By October 27, 2021COVID-19, News
Doctor holding covid 19 vial

On October 25, 2021, the White House announced new travel policies governing non-immigrant air travel to the United States effective November 8, 2021. In its “Proclamation on Advancing the Safe Resumption of Global Travel During the COVID-19 Pandemic,” the White House removed country-specific travel restrictions on air travel to the U.S., and replaced it with new regulations based on vaccination status.

This means that starting from November 8, 2021, travelers flying from previously restricted countries such as China, Iran, the Schengen Area, and India can now travel to the U.S., as long as they are fully vaccinated or otherwise meet the exemption criteria.

It is also important to note that these new policies only apply to air travel to the United States. Travelers driving across the border from Mexico or Canada will be subject to different restrictions.

1. Who can now fly into the U.S.?

Nonimmigrant foreign nationals (Non-U.S. citizens) who are not fully vaccinated cannot fly into the U.S., except those who qualify under the exceptions (see below question 2).

Fully vaccinated foreign nationals can travel to the U.S. by showing proof of full vaccination and a negative COVID-19 test taken no more than 3 days before travel.

US citizens, lawful permanent residents (LPR), and foreign nationals coming to the U.S. on immigrant visas can enter the U.S. even if they are not fully vaccinated. They also must meet COVID-19 testing requirements in order to fly to the U.S.

Fully vaccinated travelers must present proof of vaccination and a negative COVID-19 test no more than 3 days before travel, and non-fully vaccinated travelers must present a negative COVID-19 test no more than 1 day before travel.

2. What are the exceptions to this restriction?

Certain groups of people are exempt from the full-vaccination requirement for air travel into the U.S. These people can enter the country with proof of a negative COVID-19 test taken no more than 1 day before travel. However, upon entry, these individuals must follow special requirements (see below question 3).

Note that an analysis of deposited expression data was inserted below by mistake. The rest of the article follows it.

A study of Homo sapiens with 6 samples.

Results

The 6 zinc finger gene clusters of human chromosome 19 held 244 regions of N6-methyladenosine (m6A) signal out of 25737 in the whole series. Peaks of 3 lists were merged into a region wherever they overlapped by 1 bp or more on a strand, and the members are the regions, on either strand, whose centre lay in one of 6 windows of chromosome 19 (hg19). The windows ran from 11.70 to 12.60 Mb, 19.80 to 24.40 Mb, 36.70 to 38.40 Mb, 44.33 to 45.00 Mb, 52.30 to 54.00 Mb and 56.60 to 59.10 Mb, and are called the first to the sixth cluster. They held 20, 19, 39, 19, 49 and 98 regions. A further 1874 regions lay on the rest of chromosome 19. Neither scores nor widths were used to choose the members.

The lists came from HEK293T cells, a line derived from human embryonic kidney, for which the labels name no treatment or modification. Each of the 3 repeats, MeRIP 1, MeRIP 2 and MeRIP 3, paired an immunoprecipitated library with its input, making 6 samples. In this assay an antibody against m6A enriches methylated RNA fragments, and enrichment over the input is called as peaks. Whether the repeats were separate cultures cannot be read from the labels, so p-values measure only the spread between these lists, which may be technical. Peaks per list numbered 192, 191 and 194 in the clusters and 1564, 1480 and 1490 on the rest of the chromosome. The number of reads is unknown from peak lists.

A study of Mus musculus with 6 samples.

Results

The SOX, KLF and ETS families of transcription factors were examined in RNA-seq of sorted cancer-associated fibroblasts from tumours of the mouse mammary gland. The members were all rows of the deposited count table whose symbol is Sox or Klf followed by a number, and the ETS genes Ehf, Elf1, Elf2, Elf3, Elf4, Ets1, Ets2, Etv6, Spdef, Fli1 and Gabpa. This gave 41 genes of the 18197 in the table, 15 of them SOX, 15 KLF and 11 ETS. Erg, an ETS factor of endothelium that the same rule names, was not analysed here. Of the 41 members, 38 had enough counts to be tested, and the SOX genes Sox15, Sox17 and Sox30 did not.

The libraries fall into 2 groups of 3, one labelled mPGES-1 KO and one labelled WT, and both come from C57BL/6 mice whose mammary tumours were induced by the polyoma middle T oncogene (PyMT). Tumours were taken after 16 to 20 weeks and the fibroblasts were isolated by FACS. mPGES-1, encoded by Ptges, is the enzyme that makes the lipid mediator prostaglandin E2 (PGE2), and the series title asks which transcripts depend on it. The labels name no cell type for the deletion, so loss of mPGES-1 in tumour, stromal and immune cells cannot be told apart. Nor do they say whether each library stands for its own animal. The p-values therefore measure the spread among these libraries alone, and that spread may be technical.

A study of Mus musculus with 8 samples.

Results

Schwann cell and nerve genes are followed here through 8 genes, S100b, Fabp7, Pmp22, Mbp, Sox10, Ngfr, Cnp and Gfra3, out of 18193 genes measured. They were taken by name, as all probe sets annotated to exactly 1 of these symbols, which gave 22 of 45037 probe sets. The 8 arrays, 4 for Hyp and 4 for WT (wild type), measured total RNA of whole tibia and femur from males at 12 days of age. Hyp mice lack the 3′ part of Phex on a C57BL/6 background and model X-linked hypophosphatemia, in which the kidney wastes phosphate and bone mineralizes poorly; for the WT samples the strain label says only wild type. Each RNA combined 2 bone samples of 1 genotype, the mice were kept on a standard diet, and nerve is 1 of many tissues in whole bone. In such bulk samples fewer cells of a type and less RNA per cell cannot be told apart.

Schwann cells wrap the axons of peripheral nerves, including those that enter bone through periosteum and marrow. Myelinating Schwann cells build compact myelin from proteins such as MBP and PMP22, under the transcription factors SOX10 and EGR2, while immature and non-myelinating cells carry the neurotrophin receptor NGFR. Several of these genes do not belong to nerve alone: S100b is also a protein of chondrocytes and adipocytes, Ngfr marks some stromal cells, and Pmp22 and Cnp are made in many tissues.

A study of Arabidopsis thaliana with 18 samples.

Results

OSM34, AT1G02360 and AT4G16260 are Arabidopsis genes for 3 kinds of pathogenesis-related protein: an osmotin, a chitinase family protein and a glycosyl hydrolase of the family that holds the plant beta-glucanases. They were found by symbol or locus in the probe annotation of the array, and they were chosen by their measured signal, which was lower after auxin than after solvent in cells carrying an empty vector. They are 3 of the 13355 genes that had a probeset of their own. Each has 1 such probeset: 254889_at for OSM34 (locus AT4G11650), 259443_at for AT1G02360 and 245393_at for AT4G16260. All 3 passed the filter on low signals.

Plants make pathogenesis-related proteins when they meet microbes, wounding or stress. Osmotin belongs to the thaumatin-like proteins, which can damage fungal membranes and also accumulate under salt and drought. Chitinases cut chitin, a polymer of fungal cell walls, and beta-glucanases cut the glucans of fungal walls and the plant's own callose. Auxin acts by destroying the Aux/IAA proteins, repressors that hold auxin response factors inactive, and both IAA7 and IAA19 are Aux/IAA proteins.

• Foreign government officials or immediate family members of officials (A, C, TECRO/TECO employee E-1, G, or NATO visa holders) seeking entry or transit through the United States.
  • Representatives of the United Nations or those otherwise coming into the United States to pursue their obligations with the UN.
  • Children of an age for which vaccines are not available.
  • Foreign nationals who have participated (or are participating) in COVID-19 clinical trials.
  • Foreign nationals with conditions that make them medically exempt from all accepted COVID-19 vaccines, as determined by the CDC.
  • Foreign nationals flying in from countries where vaccines are not readily available (except for visitors on B-1 or B-2 visas).
  • S. army members and their families.
  • Sea crew members on a C-1 or D nonimmigrant visa, who comply with industry standard COVID-19 protocols.
  • Foreign nationals who are granted exceptions by the CDC for humanitarian or emergency reasons, or those whose entry is deemed by the government to be “in the national interest.”

3. What are the requirements for non-fully vaccinated people granted entry?

Specific requirements will be announced by the CDC, but this may include requiring travelers to undergo pre-departure COVID testing, wear masks during the flight, present post-arrival testing plans, and present self-quarantine plans in accordance with CDC guidelines.

In addition, non-fully vaccinated travelers allowed entry into the U.S. must make arrangements to become fully vaccinated within 60 days of arriving in the United States (or as soon as medically appropriate, as determined by the CDC), unless one of the following applies:

  • The traveler’s stay is sufficiently brief;
  • Children ineligible for vaccination;
  • Foreign nationals participating in COVID-19 clinical trials;
  • Medically exempt individuals;
  • Foreign government officials and their families (A, C, TECRO/TECO employee E-1, G, NATO visa holders) and UN representatives or affiliates, who have been vaccinated in their country of origin;
  • Those otherwise determined by the CDC that vaccination should not be required.

4. What does this mean for visa processing in previously restricted countries?

The lifting of country-specific travel restrictions means that the Department of State will begin to process visa applications for individuals physically present in the affected countries.

However, this does not necessarily mean that every local U.S. embassy or consulate will immediately begin to schedule visa interviews. It is important to keep an eye out for further announcements from each particular consulate.